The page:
If you love adventure and the great outdoors, you will absolutely adore Baños. Whether you’re into hiking, biking, volcano climbing, white water rafting, canyoning or zip lining, this small Ecuadorian town nestled in the valley of a volcano has got you covered.
But guess who would be the last people on earth that want to hear any hint of the words “outdoors” and “adventures” mentioned within the same breath? People who have just hiked the Quilotoa Loop. As we were sitting on our bus from Latacunga trying to discuss the hiking and other activities around Baños, it was admittedly a bit difficult to muster up a great deal of enthusiasm. Not only that, but as with many of the big adventure activities in South America, most of those offered in Baños would more than likely be out of our budget range.
Fortunately though the town has much more to offer than the typical big adventures. Backpackers flock to Baños in droves, and as a result it boasts some top quality hostels as well as loads of cheap eats and bars. We stayed at the lovely Santa Cruz Backpackers Hostel in a cosy little 4 person dorm that, for the majority of our stay, we had to ourselves. The hostel is clean and bright, with a lovely common area beside a roaring fireplace for the chilly nights. For a very small cost you can also get a delicious breakfast every morning, and the hostel staff are extremely friendly – just like all the Ecuadorians we met!
Aside from all the adventure activities, one of the biggest things that attracts travelers to Baños is the Casa Del Arbol. If you know someone who has been to Ecuador, chances are that they have a photograph of them sitting on a somewhat precarious looking wooden swing, flying out over the edge of a cliff – but fortunately, it’s not as terrifying or dangerous an experience as it looks like from these photos! Several companies in town run tours that will take you up to the famous tree house, but you can do it at a fraction of the cost and on your own schedule simply by taking a public bus from the centre of town. We recommend doing it this way, not only to avoid paying extra unnecessarily, but also because you can avoid the crowds and stay at the swing for as long as you want.
We boarded the bus feeling excited and optimistic – but as we trundled up the steep mountainside, ominous looking dark clouds started rolling in over our heads, and by the time we reached the Casa De Arbol 45 minutes later the rain was full on pouring. Not ideal for those iconic photographs! Luckily there is a small bar/restaurant right by where the bus drops you off, so we decided to stop in there for a beer and wait to see if the rain passed (another advantage of not being on a tight tour bus schedule!). Luckily about half an hour later the sun popped back out, and we hurried up the pathway to the infamous swing.
As it turns out there are actually four different swings you can try, and none of them are particularly dangerous – all of them have seat belts, and they are angled in such a way that if you fall off you actually don’t have very far to go before you hit the ground, as they are all sitting on top of gentle grassy slopes rather than sheer drops into nothingness. But of course, if you catch photos at the right angle it looks like you’re swinging out off the top of the canyon – and after much trial and error, Dan, Michelle and I all managed to get good shots (and consequently terrified our mothers when we shared them later on).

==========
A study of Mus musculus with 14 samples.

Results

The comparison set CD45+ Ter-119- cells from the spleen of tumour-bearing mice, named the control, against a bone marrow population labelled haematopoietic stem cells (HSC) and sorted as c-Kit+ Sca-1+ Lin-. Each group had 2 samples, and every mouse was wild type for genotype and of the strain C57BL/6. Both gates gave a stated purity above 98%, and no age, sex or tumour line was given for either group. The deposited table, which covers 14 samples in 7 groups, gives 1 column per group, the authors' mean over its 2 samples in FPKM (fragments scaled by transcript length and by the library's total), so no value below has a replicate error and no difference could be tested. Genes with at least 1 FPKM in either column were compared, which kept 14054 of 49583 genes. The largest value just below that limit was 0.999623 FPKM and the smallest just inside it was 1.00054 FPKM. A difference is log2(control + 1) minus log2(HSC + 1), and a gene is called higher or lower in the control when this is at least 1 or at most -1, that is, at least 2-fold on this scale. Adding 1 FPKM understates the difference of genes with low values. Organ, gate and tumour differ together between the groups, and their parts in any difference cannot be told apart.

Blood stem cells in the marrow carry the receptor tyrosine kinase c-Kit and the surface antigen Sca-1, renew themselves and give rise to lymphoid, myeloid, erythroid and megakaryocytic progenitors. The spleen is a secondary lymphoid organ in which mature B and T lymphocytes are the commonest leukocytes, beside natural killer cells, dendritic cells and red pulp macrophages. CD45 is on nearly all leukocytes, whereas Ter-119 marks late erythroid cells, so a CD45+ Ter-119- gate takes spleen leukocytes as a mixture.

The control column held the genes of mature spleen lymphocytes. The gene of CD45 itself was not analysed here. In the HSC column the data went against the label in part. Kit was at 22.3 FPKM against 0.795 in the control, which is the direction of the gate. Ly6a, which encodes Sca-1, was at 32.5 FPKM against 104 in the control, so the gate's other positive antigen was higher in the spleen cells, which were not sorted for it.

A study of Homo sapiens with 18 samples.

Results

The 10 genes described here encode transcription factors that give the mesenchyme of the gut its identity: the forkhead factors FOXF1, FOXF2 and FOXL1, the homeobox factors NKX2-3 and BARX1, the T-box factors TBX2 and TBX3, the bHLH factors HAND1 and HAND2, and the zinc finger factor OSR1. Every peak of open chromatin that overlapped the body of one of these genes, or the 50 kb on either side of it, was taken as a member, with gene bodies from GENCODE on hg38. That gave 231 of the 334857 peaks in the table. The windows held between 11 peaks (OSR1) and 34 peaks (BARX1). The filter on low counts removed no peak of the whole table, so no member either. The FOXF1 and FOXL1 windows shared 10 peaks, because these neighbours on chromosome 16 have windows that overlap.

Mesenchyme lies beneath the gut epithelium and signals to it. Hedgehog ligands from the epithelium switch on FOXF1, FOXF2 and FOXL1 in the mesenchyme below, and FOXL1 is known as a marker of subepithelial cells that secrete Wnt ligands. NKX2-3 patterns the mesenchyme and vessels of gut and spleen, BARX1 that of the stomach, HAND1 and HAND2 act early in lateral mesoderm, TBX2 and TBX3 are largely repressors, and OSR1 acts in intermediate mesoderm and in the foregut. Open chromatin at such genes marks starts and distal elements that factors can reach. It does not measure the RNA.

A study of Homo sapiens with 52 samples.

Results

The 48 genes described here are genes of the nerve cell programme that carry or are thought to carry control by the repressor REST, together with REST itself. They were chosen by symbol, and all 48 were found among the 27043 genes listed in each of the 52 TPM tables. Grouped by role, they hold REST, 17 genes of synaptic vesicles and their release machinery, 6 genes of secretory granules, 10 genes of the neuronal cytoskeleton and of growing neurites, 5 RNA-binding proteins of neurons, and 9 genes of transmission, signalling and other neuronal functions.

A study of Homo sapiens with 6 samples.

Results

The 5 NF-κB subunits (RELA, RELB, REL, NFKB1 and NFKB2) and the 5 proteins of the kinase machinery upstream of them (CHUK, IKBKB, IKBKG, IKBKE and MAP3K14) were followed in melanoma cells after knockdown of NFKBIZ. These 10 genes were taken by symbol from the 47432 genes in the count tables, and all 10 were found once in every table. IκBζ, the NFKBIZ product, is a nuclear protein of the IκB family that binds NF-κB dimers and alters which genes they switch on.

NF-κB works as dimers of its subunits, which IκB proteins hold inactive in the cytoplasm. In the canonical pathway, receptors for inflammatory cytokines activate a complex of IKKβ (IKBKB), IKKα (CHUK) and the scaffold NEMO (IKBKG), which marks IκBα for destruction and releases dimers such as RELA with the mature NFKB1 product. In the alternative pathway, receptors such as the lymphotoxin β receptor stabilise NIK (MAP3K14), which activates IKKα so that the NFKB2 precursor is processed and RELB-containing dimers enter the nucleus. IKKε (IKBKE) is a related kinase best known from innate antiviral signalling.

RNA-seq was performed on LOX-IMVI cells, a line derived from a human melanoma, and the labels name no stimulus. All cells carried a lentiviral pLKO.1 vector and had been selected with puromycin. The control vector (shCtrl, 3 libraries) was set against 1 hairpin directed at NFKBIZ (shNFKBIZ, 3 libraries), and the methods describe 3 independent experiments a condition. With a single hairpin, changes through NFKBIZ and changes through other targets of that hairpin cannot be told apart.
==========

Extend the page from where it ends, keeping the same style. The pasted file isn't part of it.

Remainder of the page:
Another highly recommended activity when in Baños is cycling the Ruta de las Cascadas, an exhilarating downhill mountain bike ride through the valley that takes you past seven stunning waterfalls. This sounded like a little too much adventure for us in our post-Quilotoa-Loop state, so we decided to do our own mini version of a waterfall tour and visit arguably the most famous waterfall in Baños: Pailon del Diablo, or “Devil’s Cauldron”. It’s a quick, simple bus ride to get out there from Baños and an easy walk to reach the waterfall itself. Make sure to bring waterproof clothes and zip lock pouches or dry bags for your electronics, though – this waterfall is fierce, and if you walk anywhere near it (which you will by default from following the path) you are guaranteed to get soaked. You can also squeeze through a tiny path in the rock face and climb up onto a bridge looking over the top of the waterfall, but claustrophobics be warned – at points you are pretty much crawling on your hands and knees, and if you freak out the tunnel is too tight for you to just turn around and go back!
One final activity that is a must when visiting Baños (which we actually didn’t get around to doing!) is the thermal baths. These are located just on the edge of town next to yet another impressive waterfall, and for a small fee you can go in and enjoy a number of natural hot baths of varying degrees of heat. Most people we spoke to had good things to say about the baths – but on the evening we had set aside to do it we were all feeling particularly lazy, and as it started to rain just as we were about to don our swimsuits, in the end pyjamas and Netflix won!
Finally, if you’re in the mood for some good comfort food and beers while in Baños (something that appealed to us far more than zip lining) you should definitely check out Stray Dog Brewpub – we fell a bit in love with this place and went several times during our stay to enjoy the epic burgers, chips and home brewed beer. The coffee stout was a favourite of Dan’s!
After our pretty relaxing and uneventful stay in the adventure capital of Ecuador, it was time for us to make our way to our final stop in the country: Cuenca.